Machine Gun Kelly takes the wheel in gripping crime drama ‘One Way’

IN CONCERT: Machine Gun Kelly performs at The Forum on July 13 in Inglewood, California. Kevin Winter/Getty Images/TNS

Gripping and clever, although not entirely, “One Way” tells the story of a fugitive on the run, or I should say, on a bus, trying to get away from a gang from which he has stolen cash and cocaine.

When this crime drama starts, Freddy (Colson Baker aka Machine Gun Kelly) and his two partners have already stolen the goods from Freddy’s lover and gang leader Vic (Drea De Matteo, “The Sopranos”). One of Freddy’s cohorts is already captured and is about to be killed. Another, a guy named JJ (Luis Da Silva Jr.), is in a car on the road following the bus and terrified. Freddy has a gun, the cash and coke. But he has been shot in the stomach, and he’s bleeding out.

Also on the bus is the no-nonsense driver (the talented Thomas Francis Murphy); an underage girl named Rachel (Storm Reid, TV’s “Euphoria”) texting with a man she’s supposed to meet named Smokie; a pregnant woman on her own; and a social worker named Will (Travis Fimmel). Also in the mix are Freddy’s estranged, criminal father Fred Sr. (Kevin Bacon), Freddy’s estranged ex-wife Christine (Meagan Holder), who is a nurse, and Freddy and Christine’s daughter Lily (Casie Baker, who is MGK’s real-life daughter).

In addition to its almost Shakespearean family ties (Freddy’s father was also Vic’s lover, making Freddy’s connection borderline incestuous), “One Way” pumps a hefty weight of metaphor, The bus ride is a symbol of Freddy’s life. How long before it might end at the Cairo, Georgia, bus station? People get on and get off. A ghostly figure appears to a hallucinating Freddy. Is he the Banquo of “One Way”?

Directed by Irishman and Roger Corman school of filmmaking graduate Andrew Baird and written by Irishman Ben Conway, both making their feature film debuts (Baird has another film awaiting release), “One Way” is steeped in morbid nihilism. Freddy cannot stop the bleeding. But that doesn’t stop him from getting to know Rachel after she asks to borrow one of his phones. She notices that he has two and assumes he is a gang banger. Will suspiciously intervenes to make sure Freddy isn’t trying to take advantage of the girl. The pregnant woman spies on the others. The bus driver might be a Southern-fried Charon ferrying his passengers to the underworld.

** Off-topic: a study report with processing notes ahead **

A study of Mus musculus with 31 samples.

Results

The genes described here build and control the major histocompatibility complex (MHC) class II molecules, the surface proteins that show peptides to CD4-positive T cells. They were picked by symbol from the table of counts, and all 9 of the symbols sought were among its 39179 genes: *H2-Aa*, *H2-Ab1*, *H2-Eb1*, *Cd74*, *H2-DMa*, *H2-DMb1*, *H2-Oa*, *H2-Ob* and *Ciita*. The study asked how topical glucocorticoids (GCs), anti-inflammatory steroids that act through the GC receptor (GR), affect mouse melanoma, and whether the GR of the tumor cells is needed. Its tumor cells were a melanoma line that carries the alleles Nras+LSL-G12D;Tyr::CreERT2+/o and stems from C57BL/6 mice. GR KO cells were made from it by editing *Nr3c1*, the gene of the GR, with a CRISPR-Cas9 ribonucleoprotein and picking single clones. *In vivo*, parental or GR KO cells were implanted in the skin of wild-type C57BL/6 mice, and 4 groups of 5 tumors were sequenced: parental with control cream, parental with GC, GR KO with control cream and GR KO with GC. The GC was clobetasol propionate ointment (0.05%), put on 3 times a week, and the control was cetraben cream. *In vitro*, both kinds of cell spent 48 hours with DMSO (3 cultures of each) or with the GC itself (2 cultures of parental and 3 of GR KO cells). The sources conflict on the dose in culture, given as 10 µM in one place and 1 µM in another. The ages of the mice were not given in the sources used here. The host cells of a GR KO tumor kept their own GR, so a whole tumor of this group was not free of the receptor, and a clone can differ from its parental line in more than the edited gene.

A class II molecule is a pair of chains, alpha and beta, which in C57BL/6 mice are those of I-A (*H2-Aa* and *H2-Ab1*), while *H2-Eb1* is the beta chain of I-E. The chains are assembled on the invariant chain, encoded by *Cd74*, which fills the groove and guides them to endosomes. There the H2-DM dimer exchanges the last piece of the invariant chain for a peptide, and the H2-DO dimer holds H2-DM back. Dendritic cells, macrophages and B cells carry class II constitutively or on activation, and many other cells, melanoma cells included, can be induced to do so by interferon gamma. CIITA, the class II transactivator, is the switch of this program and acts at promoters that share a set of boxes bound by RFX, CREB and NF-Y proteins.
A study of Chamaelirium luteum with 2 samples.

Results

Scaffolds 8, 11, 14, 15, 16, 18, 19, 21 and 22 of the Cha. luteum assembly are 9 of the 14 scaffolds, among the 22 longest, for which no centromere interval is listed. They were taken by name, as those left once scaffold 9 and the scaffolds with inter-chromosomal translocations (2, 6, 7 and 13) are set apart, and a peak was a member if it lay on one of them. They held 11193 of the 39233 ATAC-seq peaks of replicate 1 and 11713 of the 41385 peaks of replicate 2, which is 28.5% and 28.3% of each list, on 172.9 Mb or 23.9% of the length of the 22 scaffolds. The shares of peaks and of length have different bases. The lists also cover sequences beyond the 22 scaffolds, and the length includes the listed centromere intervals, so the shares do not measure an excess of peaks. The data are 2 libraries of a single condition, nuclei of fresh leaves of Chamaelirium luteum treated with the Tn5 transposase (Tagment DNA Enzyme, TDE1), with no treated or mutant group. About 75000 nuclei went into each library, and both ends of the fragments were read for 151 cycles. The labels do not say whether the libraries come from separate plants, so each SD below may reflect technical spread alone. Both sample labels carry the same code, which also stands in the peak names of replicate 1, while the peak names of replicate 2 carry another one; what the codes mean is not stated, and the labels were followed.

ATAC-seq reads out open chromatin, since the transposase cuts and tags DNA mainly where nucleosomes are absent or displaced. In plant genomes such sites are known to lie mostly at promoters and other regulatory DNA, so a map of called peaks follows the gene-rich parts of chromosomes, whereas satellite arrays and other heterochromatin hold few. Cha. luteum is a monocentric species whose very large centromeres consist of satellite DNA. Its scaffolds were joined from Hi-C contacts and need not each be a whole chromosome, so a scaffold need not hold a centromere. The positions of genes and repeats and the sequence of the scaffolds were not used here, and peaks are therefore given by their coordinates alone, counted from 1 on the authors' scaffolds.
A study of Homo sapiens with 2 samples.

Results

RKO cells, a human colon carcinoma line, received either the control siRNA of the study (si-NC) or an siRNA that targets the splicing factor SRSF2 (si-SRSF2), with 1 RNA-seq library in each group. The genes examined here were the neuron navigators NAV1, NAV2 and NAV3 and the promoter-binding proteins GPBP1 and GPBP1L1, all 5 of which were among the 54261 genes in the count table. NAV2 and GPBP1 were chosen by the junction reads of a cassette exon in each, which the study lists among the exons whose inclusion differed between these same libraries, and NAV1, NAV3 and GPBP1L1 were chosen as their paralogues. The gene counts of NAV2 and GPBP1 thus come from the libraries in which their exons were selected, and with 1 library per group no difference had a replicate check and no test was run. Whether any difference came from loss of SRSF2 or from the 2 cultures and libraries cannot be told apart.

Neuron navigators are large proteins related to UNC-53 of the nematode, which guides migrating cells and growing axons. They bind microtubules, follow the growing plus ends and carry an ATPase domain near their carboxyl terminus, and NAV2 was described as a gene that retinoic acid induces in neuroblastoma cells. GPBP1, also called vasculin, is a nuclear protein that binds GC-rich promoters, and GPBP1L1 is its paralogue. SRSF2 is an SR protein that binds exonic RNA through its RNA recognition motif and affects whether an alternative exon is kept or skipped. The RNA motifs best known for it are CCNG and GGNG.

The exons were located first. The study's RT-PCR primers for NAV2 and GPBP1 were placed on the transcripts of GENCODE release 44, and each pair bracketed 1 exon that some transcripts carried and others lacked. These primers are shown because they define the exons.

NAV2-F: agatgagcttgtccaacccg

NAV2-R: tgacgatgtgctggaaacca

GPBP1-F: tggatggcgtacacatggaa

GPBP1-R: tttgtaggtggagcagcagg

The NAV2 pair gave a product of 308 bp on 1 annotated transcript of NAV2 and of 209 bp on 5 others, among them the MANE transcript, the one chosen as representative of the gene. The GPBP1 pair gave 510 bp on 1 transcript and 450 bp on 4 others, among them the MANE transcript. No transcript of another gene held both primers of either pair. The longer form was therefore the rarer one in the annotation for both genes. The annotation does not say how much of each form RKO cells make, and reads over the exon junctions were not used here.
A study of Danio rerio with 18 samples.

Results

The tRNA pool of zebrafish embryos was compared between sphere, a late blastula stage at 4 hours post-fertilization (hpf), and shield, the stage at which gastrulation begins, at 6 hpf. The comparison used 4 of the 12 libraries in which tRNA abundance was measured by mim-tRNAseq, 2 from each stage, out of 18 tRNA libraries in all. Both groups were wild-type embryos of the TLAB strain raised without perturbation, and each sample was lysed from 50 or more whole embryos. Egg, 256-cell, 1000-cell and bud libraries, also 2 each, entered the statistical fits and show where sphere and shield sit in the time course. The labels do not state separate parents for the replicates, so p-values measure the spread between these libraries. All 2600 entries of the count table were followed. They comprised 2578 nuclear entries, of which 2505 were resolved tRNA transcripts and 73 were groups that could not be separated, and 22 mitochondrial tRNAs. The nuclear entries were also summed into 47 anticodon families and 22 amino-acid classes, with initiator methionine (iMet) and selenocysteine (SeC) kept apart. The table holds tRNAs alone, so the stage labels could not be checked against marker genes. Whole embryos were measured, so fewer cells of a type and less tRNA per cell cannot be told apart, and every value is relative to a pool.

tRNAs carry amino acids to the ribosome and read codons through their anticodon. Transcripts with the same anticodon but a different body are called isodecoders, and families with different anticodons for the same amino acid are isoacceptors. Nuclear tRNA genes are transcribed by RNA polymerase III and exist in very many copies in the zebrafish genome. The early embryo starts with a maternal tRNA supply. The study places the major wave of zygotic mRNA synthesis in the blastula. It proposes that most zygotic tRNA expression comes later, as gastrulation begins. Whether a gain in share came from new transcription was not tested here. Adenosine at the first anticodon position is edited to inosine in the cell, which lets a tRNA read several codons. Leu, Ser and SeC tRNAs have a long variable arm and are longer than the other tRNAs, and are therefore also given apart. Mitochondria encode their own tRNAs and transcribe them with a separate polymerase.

With his nose ring and bleached locks, Freddy might be a rock star. Freddy has a desperate plan to get JJ to drive him to a vet to get “stitched up.” Later, he plans to meet Christine in a parking lot and let her do it. In desperation, Freddy takes a few heavy snorts of coke.

In many ways, “One Way” is a modern-day reimagining of the masterful Carol Reed thriller “Odd Man Out” (1947) with James Mason as a wounded Belfast gunman on the run from the police and increasingly cornered. Both films have a powerful nightmarish element.

Baker, who has played leads twice before, is not yet a great actor. But he is a reasonably good one, and he has charisma and screen presence. In one of the film’s more Shakespearean twists, Freddy has a rare blood type and needs his father to donate his blood to survive.

As you might expect for a movie starring a musician, the music by British composer Raffertie (“I May Destroy You”) is a strong element. Also noteworthy are singles by Zachary Stephen Selwyn, including the suitably titled tune “New Suit for My Hangin’.”